As an editor at the New Yorker and then editor in chief at Random House, Daniel Menaker perfected the art of conversation over many a long lunch. But is it an art? In his new book, A Good Talk, Menaker takes a look at the history of conversation and breaks sociability down to a science. Menaker shared his talking points with TIME, offering pointers on topics to avoid and how to escape from the clutches of a bore.
According to your book, you don't consider what we're doing here a phone interview to be an actual conversation. Why is that? What makes a conversation a conversation?
What we do when we sit down and talk, I think, is very ancient and essential. And that's why I restrict my definition of conversation to in-person exchanges. Obviously, what we're doing right now is a conversation, but it's of a certain kind. You don't get to see what I look like or what my body language is or what my facial expressions are, so it's missing some important components of that primate ritual.
It's interesting that you use that word. It seems like there is a ritual, in a sense, to the way conversations play out. You identify stages that conversations go through.
When people meet each other for the first or second time, there is a sort of architecture in their talk. People are tentative at first. There's a certain kind of greeting formula that takes place as things develop. People become aware of things in common. Sometimes it's meaningless, like they both spent a week in the Ukraine, or neither of them has ever seen a football game. But it establishes, even speciously, common ground. And then after that what happens is that certain roles are assumed. Sometimes it turns out that one person is seeking advice, sometimes it turns out that one person is looking for reassurance. And then you drift in and out of those roles in a spontaneous way.
When I was first started working in New York, I had a friend who convinced me that the best way to become a better conversationalist was to spend a lot of time in bars. Part of the rationale was that other than drinking or maybe playing pool, all you do at a bar is talk to people, many of whom you don't actually know. Is this a valid strategy?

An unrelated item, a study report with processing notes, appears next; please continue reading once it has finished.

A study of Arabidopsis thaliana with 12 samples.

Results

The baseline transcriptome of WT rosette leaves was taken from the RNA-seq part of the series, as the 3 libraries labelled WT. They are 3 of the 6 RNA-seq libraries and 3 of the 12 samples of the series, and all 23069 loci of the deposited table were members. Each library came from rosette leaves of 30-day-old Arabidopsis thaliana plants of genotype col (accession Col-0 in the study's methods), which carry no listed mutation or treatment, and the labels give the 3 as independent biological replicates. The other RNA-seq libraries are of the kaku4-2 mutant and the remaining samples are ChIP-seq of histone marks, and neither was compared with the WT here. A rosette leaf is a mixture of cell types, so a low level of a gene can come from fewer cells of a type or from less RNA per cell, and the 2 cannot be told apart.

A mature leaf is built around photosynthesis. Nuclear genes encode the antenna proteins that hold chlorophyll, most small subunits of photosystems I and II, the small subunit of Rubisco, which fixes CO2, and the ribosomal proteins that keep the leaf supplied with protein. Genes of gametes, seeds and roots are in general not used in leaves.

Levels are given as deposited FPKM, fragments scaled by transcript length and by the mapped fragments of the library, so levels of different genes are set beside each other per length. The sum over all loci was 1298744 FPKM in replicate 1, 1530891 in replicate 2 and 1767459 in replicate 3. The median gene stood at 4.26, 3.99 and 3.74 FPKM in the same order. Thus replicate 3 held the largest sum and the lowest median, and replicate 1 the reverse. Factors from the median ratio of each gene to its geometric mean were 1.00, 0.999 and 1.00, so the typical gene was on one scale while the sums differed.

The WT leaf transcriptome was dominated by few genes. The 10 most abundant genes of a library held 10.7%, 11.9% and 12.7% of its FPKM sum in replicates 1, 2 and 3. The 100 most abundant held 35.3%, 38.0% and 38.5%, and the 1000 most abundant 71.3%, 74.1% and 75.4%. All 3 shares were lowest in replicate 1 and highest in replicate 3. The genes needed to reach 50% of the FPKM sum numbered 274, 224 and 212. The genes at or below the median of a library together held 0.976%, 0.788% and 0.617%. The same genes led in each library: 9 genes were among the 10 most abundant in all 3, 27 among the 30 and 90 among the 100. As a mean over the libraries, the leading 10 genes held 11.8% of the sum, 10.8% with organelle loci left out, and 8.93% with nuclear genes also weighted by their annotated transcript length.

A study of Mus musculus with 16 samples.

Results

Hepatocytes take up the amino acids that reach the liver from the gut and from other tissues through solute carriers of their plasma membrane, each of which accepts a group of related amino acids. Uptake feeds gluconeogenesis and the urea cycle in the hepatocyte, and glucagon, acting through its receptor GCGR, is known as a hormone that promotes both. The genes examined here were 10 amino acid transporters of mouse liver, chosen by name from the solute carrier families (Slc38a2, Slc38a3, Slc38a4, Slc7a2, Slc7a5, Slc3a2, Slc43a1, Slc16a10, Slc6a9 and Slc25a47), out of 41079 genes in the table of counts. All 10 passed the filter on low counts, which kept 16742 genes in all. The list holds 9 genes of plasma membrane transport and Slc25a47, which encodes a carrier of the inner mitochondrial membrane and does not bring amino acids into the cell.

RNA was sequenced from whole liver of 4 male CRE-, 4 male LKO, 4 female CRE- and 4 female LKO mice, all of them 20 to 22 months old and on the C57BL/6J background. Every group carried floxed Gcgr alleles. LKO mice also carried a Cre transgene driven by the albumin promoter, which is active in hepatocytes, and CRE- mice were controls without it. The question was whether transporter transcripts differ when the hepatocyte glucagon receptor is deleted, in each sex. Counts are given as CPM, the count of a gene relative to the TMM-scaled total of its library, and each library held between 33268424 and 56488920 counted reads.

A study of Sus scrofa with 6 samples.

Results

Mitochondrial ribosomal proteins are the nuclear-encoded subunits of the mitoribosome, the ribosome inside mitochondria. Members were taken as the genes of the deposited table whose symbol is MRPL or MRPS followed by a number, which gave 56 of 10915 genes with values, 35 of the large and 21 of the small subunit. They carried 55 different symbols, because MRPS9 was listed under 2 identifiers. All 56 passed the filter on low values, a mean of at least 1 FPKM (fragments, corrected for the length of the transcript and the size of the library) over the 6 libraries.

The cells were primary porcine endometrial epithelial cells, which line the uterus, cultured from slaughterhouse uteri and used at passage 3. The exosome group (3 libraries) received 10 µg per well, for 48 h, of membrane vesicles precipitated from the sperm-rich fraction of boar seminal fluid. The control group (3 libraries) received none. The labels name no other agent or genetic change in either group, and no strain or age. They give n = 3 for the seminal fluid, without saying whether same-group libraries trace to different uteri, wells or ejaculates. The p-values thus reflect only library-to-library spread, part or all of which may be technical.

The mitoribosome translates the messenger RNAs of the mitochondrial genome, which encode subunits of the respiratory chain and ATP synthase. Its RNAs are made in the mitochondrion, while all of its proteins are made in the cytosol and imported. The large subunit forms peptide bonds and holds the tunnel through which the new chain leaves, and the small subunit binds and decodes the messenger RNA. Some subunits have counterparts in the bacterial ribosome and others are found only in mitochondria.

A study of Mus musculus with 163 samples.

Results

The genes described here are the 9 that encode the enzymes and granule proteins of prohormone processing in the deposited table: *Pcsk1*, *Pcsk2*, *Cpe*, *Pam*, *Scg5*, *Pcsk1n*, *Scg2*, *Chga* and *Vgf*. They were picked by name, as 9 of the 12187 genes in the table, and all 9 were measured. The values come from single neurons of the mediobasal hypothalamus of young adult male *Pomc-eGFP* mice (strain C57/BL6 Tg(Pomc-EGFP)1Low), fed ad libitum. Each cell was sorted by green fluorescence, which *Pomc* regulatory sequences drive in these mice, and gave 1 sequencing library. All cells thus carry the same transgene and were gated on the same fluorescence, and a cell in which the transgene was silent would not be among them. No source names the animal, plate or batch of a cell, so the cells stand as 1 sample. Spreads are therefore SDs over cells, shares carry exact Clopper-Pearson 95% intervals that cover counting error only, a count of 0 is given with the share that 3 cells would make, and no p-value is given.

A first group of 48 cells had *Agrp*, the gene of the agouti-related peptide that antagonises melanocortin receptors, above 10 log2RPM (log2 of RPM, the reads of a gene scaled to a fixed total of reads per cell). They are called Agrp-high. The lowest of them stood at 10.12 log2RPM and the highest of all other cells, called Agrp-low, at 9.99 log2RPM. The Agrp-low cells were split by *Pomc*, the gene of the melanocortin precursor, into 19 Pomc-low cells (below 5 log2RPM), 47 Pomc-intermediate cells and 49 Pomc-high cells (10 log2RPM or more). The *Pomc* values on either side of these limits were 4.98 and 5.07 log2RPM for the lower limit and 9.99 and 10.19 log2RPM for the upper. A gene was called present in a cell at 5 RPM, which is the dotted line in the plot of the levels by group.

The problem is, it depends on what kind of person you are. If you like that kind of slightly alcohol-fueled intimacy or quick sharing, it's fine. But if you're a little standoffish or a little reserved, it's a bit harder. A lot of people will tell you that volunteering is the best way to start conversations. There's no alcohol, you're doing charitable work, and you don't have your eye on somebody across the room. It's more altruistic, and you'll probably find like-minded people. So I would say let your nature be your guide as to where you're going to look. There are all types of ways of meeting new groups of people. And if you select the right ... you know what? I'm boring myself. Please help me out here.
Well, that's a good segue into another thing you write about, which is boredom. What is the best way to deal with someone who is boring you in a conversation?
That is absolutely one of the hardest questions. The basic structure of a conversation with a boring person is that you have to entertain yourself. They're not going to do it. Most people respond to [being asked], "Are there people whom you really just don't talk to?" It's a strange topic of conversation. But I found that it's almost foolproof. Of course, you can't just pop it on somebody. You have to introduce it in a way that is relevant and makes sense, but almost everyone responds to it. Top tens are good. CDs on a desert island. Then you get into arguments about whether you can have whole catalogs of CDs or just one CD. Is it all of Beethoven, or just one string quartet? What happens is when you do a category like that, the discussion often deteriorates in a good way into actual substantive conversation. But it takes work to talk to a bore. And you have to save yourself at some point. I always say, Keep an empty glass that's an old formula. If you're standing up, make sure your glass is near empty at all times. That can lead to drunkenness, though.
What would you say to the standard piece of advice about staying away from talk about religion and politics?
I think it's better to go very gently out onto thin ice if you don't know your context. If there's a chance that you may offend, I suggest that religion and politics religion especially these days is an arena of conversation that should be entered very gingerly.
Has writing this book made you anxious around other people? Do people notice you looking at them in conversation?
Fool that I am, it never occurred to me. I once knew a therapist, and I said to him, "When you go to a party or a dinner, you must think about people in terms of what their hang-ups and problems are, right?" And he said, "No, I just throw it out the window. Obviously if someone is flagrantly neurotic or OCD, I'm going to notice it as a professional. But generally I manage to keep my social life strictly social." I would say what's happened with me is the same thing. People say, "How am I doing?" Or, "You better be sparkling!" I find that within about two minutes, I can jettison all that, and the other person does too. Generally speaking, I don't take out a scorecard and start grading the other person. That would be exhausting.